Redirection and International SEO

Many websites try to make the user’s life easier by automatically redirecting her to the language/region version of their content that they infer based on IP address. But this approach is full of SEO pitfalls you should know about. In other words, the road to hell is paved with good intentions.

If you do automatic redirects, make sure there is a separate page (URL) that redirects to the appropriate page. No individual country/language URL should auto-redirect. In other words, do this:

The right way to use auto-redirection with Hreflang for international SEO.

The 3 language versions are self-explanatory. But note that the x-default version of the page is a new URL, different from all the others. Only visitors to that specific URL should be automatically redirected. Based on their IP address, you can choose to redirect them to any of the 3 language-specific pages.

However, if a visitor from Ireland is trying to access your /fr/ (French) page, let her access it. Do not redirect her to English. Not only can this be frustrating for someone genuinely interested in the French page, it can also lead to all kinds of trouble with search engine bots.

Say Googlebot is crawling your site. Google tends to use a 66.249.x.x IP address, which is a U.S.-based IP. So your smart website will detect a US visitor. Now when Googlebot tries to access the French page, it will get redirected to your English page. So Googlebot will think the French page isn’t really an independent page after all; it’s just a duplicate that redirects to the English page. Google will be forced to ignore your French page, and might show you a “missing return tags” error because it couldn’t find the right French page that links back to the English page.

Mistakes to Avoid when Auto-redirecting
I prefer language/country chooser pages rather than automatic redirects because redirects are easy to screw up. But if you absolutely must use redirects, here is how to do it:

  • Use separate redirector pages solely for redirecting. Use 1 redirector page for each set of internationalized pages. In the example above, http://www.example.com/product is the redirector page for the set of 3 pages http://www.example.com/en/product.html, /fr/product.html and /es/product.html. Similarly, you can have /product-2 auto-redirect to one of /en/product-2, /es/product-2 and /fr/product-2.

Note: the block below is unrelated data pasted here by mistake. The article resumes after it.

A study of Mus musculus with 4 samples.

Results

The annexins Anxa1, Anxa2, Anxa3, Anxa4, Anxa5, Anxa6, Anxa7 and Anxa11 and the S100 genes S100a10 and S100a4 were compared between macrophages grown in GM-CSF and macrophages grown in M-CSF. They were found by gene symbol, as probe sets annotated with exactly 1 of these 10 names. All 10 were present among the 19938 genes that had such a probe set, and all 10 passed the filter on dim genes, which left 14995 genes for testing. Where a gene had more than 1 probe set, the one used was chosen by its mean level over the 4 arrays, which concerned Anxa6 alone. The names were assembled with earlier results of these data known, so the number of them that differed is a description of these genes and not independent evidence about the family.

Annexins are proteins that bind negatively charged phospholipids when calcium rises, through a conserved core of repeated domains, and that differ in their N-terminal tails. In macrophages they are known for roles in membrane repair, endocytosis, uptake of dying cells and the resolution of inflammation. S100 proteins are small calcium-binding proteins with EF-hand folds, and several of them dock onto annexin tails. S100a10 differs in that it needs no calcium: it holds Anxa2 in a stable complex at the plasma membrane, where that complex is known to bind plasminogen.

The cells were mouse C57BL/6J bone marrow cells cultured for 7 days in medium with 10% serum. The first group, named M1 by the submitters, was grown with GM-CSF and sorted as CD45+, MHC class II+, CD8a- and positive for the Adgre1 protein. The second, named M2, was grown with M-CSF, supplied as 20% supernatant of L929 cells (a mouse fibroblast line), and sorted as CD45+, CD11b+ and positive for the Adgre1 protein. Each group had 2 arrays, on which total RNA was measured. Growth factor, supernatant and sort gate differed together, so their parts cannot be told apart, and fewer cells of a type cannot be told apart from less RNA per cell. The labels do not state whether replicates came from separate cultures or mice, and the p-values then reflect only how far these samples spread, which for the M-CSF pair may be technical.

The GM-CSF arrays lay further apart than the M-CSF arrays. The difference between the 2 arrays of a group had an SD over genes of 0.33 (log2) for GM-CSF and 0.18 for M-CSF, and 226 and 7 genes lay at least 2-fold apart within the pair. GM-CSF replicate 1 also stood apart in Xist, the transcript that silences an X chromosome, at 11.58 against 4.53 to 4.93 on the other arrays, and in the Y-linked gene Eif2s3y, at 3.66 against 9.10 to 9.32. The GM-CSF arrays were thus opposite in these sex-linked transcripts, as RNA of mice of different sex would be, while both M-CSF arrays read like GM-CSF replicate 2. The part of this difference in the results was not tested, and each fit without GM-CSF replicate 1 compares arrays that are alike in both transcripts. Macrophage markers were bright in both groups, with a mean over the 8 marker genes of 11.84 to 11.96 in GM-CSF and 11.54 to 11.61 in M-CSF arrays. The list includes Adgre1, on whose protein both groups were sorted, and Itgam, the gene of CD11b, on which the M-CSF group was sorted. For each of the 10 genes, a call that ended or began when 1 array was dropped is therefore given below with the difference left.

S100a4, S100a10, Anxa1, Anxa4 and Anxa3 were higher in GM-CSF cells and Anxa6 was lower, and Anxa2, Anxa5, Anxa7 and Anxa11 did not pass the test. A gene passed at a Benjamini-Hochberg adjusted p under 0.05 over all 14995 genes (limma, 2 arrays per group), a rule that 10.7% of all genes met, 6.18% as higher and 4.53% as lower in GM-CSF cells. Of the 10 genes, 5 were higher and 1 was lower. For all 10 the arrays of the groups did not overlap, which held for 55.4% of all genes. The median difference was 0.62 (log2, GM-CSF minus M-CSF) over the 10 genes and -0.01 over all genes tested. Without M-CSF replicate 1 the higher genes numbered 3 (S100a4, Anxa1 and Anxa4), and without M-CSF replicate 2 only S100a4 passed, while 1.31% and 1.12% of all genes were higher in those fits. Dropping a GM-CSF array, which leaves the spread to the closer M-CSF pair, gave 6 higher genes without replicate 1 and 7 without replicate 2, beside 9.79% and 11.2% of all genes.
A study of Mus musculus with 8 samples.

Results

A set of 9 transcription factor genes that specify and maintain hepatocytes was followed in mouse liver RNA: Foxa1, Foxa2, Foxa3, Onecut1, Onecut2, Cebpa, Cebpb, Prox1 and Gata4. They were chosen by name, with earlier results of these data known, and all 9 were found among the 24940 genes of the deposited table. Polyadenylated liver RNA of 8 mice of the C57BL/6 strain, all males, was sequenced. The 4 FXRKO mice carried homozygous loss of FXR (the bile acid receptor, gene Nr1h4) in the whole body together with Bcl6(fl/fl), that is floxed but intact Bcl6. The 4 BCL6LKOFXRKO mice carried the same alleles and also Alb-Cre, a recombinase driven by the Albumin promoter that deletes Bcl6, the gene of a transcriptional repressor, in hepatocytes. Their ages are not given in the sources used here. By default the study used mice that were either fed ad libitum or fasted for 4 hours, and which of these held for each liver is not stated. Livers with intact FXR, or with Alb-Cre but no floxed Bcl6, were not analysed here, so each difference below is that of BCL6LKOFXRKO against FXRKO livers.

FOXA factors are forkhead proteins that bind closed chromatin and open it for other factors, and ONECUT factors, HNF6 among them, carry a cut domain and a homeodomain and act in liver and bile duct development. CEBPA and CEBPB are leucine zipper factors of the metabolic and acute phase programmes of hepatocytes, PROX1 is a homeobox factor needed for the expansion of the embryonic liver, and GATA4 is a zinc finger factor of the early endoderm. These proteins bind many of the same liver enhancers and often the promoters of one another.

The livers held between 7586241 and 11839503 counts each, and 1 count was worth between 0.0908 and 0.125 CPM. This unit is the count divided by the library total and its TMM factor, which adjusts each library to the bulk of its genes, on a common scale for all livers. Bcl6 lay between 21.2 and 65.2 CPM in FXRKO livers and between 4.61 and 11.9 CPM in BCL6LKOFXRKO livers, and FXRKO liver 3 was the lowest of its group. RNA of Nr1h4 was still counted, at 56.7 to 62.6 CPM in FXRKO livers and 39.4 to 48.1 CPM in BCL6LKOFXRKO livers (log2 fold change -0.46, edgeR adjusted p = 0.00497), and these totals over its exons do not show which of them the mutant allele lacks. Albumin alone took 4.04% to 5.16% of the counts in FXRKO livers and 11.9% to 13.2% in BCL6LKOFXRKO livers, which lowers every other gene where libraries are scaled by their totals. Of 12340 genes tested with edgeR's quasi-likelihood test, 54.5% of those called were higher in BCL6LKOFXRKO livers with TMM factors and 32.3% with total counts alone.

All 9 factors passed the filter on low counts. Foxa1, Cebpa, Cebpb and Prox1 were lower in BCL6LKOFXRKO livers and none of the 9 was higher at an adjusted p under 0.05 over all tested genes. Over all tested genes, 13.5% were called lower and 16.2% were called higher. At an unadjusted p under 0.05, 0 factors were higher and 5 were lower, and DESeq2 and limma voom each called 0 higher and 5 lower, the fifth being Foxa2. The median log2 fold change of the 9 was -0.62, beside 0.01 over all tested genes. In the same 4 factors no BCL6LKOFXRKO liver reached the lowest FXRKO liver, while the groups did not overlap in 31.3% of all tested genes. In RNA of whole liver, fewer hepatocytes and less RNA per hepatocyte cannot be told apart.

• Never automatically redirect a visitor (human or bot) that is trying to access a specific language version page that has content. In our example, that means never auto-redirecting when the page requested is one of http://www.example.com/en/product.html, /fr/product.html or /es/product.html

Using Cookies:
When you use an IP address to auto-redirect, the process involves a potentially time-consuming or expensive step of geolocation. Many websites store a cookie on the user’s browser to cache info about the user’s detected locale; this is done so that for all subsequent page requests, the geolocation step can be skipped. It makes the website faster, but when it’s done wrong it can create problems. It is infuriating as a user to find that a website will not let you change your locale even if you want to. Say a Spanish user is traveling and in London right now. Based on their IP address, they were auto-redirected to /en/page.html instead of what they wanted i.e., /es/page.html. Not only were they redirected, they were cookied — let’s label this an English user because we know they want English! Except they don’t. Don’t make the user’s life difficult by cookie-ing them and removing all options to change their language.

Cookies are also used when there is a country-chooser page where a user manually selects their preferred language. The cookie is meant to save the user’s choice but sometimes creates problems. For example, airline websites for international travelers may save the user’s choice of a foreign country and not let them choose their home country even after they return home.

If you get technical SEO on your site right, you won’t need cookies. Say the user goes to www.airlinewebsite.com and chooses US/English as her site content preference. She is redirected to the US/English site. Ideally, all links on this version of the site should point to the US/English version of the content they are linking to. e.g. /en/product.html should link to /en/product2.html, /en/shipping.html etc. Once the user is in the English bubble, ordinary browsing will naturally and effortlessly keep her in the English bubble. Use country-chooser pages to let the user change this preference freely, without using cookies to force them into this bubble.

Here’s to saner international SEO!

Published by

Nick Jasuja

Nick Jasuja is the founder of Hreflang.org and Diffen, the world’s largest collection of unbiased comparisons. Diffen’s expansion to Spanish was Nick’s first foray into international SEO and motivated him to launch the Hreflang testing tool. You can find him on Twitter @thisislobo.